The future of female leadership

Bridgend AM Carwyn Jones has been named the First Minister and Leader of the Labour Party in Wales. Pushing Health Minister Edwina Hart AM in to second place, and Merthyr Tydfil & Rhymney AM to third, Mr Jones will formally be sworn in tomorrow. He is expected to announce his cabinet on Thursday.

Personally, I was disappointed by the results and wanted Hart to be elected as the first female First Minister. She displays strong leadership and is willing to make the tough decisions which impact on all of our lives in Wales. Her continued shake-up of the NHS is just one example of her ability to bring positive change to the people of Wales, alongside her detailed experience as an AM and Cabinet member for 10 years.

As of February 2009, there are currently 126 (19.5%) female MPs compared to 520 male MPs in the House of Commons. In the House of Lords 147 (19.7%) female peers occupy the seats. Within the US Congress 73 (16.8%) female representatives are present in the House of Representatives, with a smaller margin (15 or 15.3%) serving in the Senate. Even though we have female leadership in the form of Harriet Harman MP as Leader of the House (and Deputy Leader of the Labour Party) and Baroness Royall  as Leader of the House of Lords, the percentage of female MPs and peers is extremely low contrasted against developing nations such as Rwanda who have at least 50% female parliamentary representation.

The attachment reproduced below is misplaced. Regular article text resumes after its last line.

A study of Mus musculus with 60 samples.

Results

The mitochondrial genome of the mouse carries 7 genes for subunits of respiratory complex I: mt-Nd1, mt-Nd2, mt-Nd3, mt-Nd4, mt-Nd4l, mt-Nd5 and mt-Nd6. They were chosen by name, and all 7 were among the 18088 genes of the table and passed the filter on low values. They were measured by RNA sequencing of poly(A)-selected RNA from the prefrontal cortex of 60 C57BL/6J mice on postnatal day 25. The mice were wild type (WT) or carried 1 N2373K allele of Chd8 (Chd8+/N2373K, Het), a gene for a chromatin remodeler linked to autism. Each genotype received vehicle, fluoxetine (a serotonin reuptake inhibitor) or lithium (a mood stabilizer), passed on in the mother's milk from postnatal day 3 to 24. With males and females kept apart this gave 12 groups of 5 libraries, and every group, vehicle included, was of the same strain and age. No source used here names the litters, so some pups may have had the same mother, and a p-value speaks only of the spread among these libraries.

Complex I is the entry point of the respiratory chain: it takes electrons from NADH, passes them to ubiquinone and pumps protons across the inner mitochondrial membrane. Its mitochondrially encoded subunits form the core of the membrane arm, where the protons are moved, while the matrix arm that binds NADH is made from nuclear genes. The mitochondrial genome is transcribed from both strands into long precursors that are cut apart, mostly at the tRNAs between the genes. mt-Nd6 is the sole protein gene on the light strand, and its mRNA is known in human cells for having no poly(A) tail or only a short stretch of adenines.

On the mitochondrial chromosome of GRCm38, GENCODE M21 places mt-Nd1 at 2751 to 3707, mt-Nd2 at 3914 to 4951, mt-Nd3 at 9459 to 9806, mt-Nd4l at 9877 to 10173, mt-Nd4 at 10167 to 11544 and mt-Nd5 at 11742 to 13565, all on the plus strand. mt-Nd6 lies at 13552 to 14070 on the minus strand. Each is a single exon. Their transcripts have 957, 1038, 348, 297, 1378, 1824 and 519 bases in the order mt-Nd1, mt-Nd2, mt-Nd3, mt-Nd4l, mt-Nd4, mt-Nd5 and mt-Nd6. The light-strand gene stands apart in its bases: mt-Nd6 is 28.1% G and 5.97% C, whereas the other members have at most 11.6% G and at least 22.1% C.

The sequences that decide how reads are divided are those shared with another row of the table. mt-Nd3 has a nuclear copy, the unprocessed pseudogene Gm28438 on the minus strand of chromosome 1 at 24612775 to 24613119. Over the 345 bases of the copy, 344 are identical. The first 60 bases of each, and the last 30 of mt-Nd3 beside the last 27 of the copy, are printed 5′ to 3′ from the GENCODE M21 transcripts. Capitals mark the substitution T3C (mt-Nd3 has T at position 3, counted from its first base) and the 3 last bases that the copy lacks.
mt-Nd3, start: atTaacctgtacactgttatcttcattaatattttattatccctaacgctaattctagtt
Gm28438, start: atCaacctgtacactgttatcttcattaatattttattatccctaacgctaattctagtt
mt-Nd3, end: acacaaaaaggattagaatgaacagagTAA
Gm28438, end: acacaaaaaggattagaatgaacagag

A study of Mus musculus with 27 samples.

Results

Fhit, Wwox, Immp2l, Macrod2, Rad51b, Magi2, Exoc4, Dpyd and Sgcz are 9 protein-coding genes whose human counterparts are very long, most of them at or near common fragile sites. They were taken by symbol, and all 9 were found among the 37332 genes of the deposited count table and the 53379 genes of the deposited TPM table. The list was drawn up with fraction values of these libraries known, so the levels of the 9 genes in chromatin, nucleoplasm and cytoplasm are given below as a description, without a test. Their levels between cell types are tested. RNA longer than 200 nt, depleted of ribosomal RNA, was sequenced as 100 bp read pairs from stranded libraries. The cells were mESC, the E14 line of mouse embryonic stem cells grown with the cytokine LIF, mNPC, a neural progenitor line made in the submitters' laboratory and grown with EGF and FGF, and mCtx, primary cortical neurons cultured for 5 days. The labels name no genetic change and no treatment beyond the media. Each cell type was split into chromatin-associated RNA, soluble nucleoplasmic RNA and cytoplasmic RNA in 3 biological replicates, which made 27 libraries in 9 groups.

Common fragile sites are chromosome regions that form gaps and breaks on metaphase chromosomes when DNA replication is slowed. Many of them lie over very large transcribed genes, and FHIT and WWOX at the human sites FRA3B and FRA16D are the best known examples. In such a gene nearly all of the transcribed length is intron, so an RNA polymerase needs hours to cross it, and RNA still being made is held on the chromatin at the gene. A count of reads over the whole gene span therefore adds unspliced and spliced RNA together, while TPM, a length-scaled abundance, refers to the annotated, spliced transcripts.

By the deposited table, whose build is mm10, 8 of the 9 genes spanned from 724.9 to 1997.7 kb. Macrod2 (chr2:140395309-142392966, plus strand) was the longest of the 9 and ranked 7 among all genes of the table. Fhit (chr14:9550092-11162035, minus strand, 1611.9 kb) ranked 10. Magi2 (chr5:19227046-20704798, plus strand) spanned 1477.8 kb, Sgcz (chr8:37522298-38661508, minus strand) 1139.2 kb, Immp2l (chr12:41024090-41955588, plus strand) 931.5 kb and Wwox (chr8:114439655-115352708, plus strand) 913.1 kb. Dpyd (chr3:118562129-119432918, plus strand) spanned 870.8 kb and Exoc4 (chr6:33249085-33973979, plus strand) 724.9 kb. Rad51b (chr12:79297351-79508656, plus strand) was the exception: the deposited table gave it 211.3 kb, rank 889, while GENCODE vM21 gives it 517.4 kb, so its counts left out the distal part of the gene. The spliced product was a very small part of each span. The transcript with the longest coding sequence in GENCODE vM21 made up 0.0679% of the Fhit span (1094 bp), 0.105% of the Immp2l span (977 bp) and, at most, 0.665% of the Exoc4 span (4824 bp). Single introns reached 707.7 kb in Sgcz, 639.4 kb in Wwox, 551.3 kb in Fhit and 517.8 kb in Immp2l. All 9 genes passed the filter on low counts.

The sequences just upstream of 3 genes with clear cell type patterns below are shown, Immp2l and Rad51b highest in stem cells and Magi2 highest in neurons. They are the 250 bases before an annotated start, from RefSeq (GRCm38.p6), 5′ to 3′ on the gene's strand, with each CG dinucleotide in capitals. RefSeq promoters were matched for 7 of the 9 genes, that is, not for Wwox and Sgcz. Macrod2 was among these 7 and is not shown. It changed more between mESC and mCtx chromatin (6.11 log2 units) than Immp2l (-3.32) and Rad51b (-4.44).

Research published by the Institute of Welsh Affairs and reported by the BBC on 10/11/09 highlights that the current high level of female representation in the Welsh Assembly (currently 28 members) could fall to below 30% in 2011 due to retirements and changes in party selection procedures. If these findings prove to be true it could be devastating news for current and future females seeking for a career in politics and the public arena.

Whilst the statistics can prove daunting, let us remember that the UK elected its first female Prime Minister, Margaret Thatcher in the 1980s. The Democratic Party came close in 2008 with former First Lady, Hillary Clinton one of the top candidates. The women of the US Senate pride themselves on their achievements and their ratio of representation has substantially increased over the past decade. It is certainly welcoming to see that 3rd in succession to the US Presidency is the first female Speaker of the House, Nancy Pelosi. It is with her election to the Speakership in 2006 that the glass ceiling was cracked a little further, proving to females in America, and around the world that anything is possible.

Update: This interesting article discussing US female politicians was published on Dec 11th: http://www.boston.com/news/politics/2008/articles/2009/12/11/the_look_of_women_in_politics/

Back off boys, the Speaker is in town.


2 Responses to “The future of female leadership”

  1. I don’t know much about this guy, not being Welsh I suppose that isn’t too suprising. Rhodri Morgan was quite well respected in Wales for the work he done though, and it’s a shame he’s now retired the leadership.

  2. I think Carwyn will do a good job for Wales, and the news that one Plaid AM has defected to the Tory’s certainly provides a wake-up call. It will be interesting to see how he reshuffles the Cabinet this week!